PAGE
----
Strenuous Leader: Malcolm Chamberlain Distance: 10 miles
We head north west out of Ruthin on a minor road before heading across fields to the foot of the Clwydian Range and climbing up to the view point at Bwich Penbarra. Depending on the conditions, we may ascend to the top of the hill fort of Foel Fenili where the views from the top are spectacular if the wind allows you to stand up long enough to appreciate them. Alternatively, we can skirt around Foel Fenili using the Offa’s Dyke path. We stay on the Offa’s Dyke path until we cross the A494, heading back to Ruthin through a mixture of woodland and open fields. Parts of this walk will be muddy and has the total climb is 500m, or1500 ft with some of it steep.
Leisurely Leader: Pam Chamberlain Distance: 8.00 miles
We will leave the information centre’s car park and head through town to pick up some paths which will take us towards the Clwydian Way.
First, we will have to tackle a couple of fields of cows and sheep then we have the fun of some dilapidated stiles. There is a mix of muddy fields, gentle inclines, minor roads and tracks as well as the national trail. We get some good views from the hills opposite our route, if the weather stays clear.
Easy Leader: Cynthia Prescott Distance: 5.00 miles
Cynthia has agreed to lead the easy walk by repeating the walk she did last time here. She has not been able to recci the walk recently but remembers it as a fairly easy walk with manageable uphill sections. The first part of the walk is alongside the river on a footpath towards Rhewl, where she intends to stop for lunch. On this part of the walk there are 5 stiles and a wooden bridge. After lunch the walk is along country lanes. We head back to the river and then move up and down eastwards and back towards Tesco and the coach.
Notes on the area
Ruthin is one of finest small towns in Wales, situated at the southern end of the Vale of Clwyd. rich in history going back 1000 years and is endowed with outstanding buildings from every century in the past 5 hundred years. It was prone to flooding and so a lot of money was spent on flood defences a few years ago. The name comes from the welsh words, rhudd meaning red which refers to the sandstone bedrock, and din meaning fort. According to the recent census nearly half speak Welsh.
The hilltop town centre is unique in its rich architectural mix and lofty views of the surrounding countryside. Behind the Davies Brothers magnificent 200 hundred year old wrought-iron gates, is St Peters Church, founded in 1284 and famous for its spectacular 400 hundred year old carved oak roof. Behind the church is a beautiful group of buildings in a collegiate close reminiscent of the book by Trollope, Barchester Towers. On the Square, the multi-dormered roof of the Myddleton Arms, renamed recently as the Seven Eyes, and long known as the Eyes of Ruthin, dates from the 15 hundreds, and the banks are all housed in handsome, half-timbered buildings. One of these, the Natwest Bank, was once the Old Courthouse, built in 1401, and prisoners were kept in cells below the magnificent beamed court room. The beam used as a gibbet still projects from the exterior north-west wall.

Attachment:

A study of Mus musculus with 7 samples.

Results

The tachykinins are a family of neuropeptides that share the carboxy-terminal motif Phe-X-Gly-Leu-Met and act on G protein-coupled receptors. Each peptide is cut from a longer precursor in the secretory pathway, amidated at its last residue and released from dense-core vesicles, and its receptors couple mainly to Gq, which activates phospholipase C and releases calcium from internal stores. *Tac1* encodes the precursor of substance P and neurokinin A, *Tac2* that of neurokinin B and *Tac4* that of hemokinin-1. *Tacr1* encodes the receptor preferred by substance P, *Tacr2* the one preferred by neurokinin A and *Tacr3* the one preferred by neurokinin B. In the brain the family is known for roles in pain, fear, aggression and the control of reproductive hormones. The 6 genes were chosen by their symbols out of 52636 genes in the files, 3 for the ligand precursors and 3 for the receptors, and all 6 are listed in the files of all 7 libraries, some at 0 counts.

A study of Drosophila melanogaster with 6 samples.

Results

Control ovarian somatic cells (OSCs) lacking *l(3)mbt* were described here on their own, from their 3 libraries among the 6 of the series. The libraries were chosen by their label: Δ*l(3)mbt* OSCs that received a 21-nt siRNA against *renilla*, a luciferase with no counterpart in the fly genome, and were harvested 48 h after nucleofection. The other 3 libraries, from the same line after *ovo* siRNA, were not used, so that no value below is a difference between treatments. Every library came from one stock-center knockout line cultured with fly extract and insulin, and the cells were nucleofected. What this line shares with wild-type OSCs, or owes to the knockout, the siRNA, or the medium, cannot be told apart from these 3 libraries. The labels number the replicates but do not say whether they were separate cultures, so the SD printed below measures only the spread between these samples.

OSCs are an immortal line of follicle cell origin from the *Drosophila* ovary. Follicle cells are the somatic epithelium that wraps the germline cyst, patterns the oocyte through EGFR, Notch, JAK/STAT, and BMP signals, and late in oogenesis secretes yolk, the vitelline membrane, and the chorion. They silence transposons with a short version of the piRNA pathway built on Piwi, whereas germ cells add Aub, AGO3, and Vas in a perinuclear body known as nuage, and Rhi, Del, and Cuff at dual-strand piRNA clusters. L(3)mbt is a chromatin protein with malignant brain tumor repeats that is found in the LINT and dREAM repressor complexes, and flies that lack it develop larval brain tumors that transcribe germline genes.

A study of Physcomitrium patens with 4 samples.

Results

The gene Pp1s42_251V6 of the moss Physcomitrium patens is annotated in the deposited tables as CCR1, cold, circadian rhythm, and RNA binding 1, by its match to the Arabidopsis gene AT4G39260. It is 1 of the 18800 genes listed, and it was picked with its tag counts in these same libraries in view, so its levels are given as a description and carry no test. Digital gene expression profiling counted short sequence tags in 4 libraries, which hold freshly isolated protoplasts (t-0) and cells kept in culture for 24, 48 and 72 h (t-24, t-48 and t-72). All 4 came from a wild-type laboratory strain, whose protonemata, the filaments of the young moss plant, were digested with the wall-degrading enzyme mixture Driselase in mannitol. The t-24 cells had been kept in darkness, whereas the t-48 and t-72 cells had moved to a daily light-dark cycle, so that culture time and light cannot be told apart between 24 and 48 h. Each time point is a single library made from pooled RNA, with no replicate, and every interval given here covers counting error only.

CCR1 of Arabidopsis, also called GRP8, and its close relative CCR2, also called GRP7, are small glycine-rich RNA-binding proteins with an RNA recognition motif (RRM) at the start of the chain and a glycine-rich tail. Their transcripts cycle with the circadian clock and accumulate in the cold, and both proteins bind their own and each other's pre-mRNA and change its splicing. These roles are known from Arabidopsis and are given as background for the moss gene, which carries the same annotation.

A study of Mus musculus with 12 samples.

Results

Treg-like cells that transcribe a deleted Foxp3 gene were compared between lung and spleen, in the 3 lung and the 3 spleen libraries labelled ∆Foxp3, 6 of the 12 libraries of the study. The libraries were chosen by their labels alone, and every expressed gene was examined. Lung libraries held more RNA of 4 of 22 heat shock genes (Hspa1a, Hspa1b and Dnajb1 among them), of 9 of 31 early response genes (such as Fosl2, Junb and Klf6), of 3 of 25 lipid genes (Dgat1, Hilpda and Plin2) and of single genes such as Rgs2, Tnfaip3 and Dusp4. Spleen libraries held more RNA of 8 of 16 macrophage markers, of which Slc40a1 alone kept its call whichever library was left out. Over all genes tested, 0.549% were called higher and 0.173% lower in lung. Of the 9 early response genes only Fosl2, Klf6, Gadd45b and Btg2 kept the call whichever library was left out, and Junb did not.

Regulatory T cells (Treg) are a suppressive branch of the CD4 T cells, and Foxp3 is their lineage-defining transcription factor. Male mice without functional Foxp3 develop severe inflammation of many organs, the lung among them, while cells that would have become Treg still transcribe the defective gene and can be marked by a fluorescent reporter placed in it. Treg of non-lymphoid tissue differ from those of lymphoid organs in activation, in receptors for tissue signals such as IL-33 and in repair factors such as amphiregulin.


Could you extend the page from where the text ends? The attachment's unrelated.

Castle Street is an important part of the town centre conservation area due to its splendid examples of period houses, ranging from at least four centuries. Halfway down Castle Street on the right is Nantclwyd House one of the oldest town houses in North Wales. The present house is 500 hundred yrs old, but there are traces of a much earlier period. It was inhabited in Elizabethan times by Dr Gabriel Goodman, a very influential man who became Dean of Westminster for 40 years.
The Ruthin Craft Centre was opened in 1982 and is one of Wales premier arts venues, designed to house and encourage the applied arts at a regional, national and international level. There is a complex of ten workshops with tenants working in a variety of media such as silver, textiles, pottery, painting, glass, and pewter, among others. In the gallery area prestigious exhibitions of pottery, textiles, ironwork, wood, jewellery and other media change regularly and attract connoisseurs from far afield.
Ruthin Castle, a baronial castle was built by Edward 1 around 1277. It consisted of two wards and five round towers originally guarding the inner ward. All that remains today are three towers and the ruined double-towered gatehouse. According to local history, the lordship of Dyffryn Clwyd was given to the Grey family in 1282 after the defeat of Llywelyn, effectively ending the principality of North Wales.
Ruthin Gaol stands on a site that was first used as a prison in 1684. Until the Gaol’s closure in 1916 it was subject to many alterations and additions, including the wing based upon the Pentonville model, built in 1866. Today, part of it is used to house the County Records Office. After an intense period of building and restoration work, part of the site has been available for the public and educational groups since 2001. Much evidence of the Gaol’s former years remains. The building, acknowledged to be architecturally and historically interesting, is used to tell the story of crime and punishment in the area. At one time Ruthin had three banks and loads of pubs as it was on the Drover’s route into England in the 18hundreds, and, had a railway until axed by Dr Beeching. Many important people had connections with Ruthin with Cynthia Lennon, one we probably all know, who once settled here.